One of the great perks of being a remote worker is that you can work from anywhere. I have a work space in my home in Atlanta but I often work from my desk in my childhood bedroom when I visit my parents, or from a kitchen table when I visit friends, or from random coffee shops or even airports while in transit. It’s a huge perk for me but like everything else with this work from home life, it’s about give and take.
Last week (and a bit of the week before) I was traveling. I flew up to Boston, worked from my cousin’s place for a day and a half so that I was able to drive to my grandmother’s in Vermont Friday after work, then I headed to New Hampshire on Sunday to spend Mother’s Day with my other grandmother and family. After that I flew to Kentucky to work from my company HQ for a week.
It’s a perk that I personally value tremendously but it can be exhausting and not without its challenges (like scrambling in the dark to get the wifi to work before your hosts wake up since you are working on a different time zone!) Even with its challenges I am quite aware of the fact that my job is affording me this great benefit so I refuse to let my location choices negatively impact my performance. So how do I do that?
When I travel like this I ask myself what my priorities are. For me it often includes a range of items from seeing family and friends, exploring new areas, eating good (but healthy) food, exercising, writing blog posts (hi!), connecting with clients on my side business, giving myself some quiet time, oh, and of course excelling at my day job since again, they are enabling me to work like this. Like everything else in life it comes down to choices.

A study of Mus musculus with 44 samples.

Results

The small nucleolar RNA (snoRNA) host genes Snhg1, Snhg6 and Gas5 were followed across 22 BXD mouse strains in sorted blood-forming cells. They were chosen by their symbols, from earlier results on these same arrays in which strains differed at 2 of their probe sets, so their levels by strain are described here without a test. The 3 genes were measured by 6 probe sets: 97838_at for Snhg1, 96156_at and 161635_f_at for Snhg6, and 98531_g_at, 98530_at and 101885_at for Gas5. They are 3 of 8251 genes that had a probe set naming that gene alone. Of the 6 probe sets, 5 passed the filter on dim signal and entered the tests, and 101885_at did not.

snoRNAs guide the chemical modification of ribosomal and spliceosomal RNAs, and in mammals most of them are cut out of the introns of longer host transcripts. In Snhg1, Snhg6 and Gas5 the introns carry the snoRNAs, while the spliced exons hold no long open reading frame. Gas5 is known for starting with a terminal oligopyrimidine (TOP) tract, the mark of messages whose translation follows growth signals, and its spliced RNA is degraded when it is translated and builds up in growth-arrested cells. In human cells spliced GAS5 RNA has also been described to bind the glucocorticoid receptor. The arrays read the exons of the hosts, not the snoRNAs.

On the recent trip I described above, along with my full-time job my top priority was to see my family. That meant that I didn’t get to exercise as much as I normally would at home, I wasn’t able to prepare (or choose) my own meals, and I wasn’t able to blog for a week (sorry!) And that’s okay, because that’s the give and take of being able to be location agnostic.
People often envy what a WFH set up allows, and I certainly see where that comes from. But what they don’t always anticipate is that with it comes responsibility and the need to really ask yourself what a particular trip, or even day, is going to be about. It’s important for my to keep myself in check regarding so my work doesn’t sacrifice for the sake of the flexibility it affords me.
How do you take advantage of, and balance, your flexibility? Have you ever worked from a friend or family member’s home? What challenges and benefits has a remote set up afforded you and how do you manage it?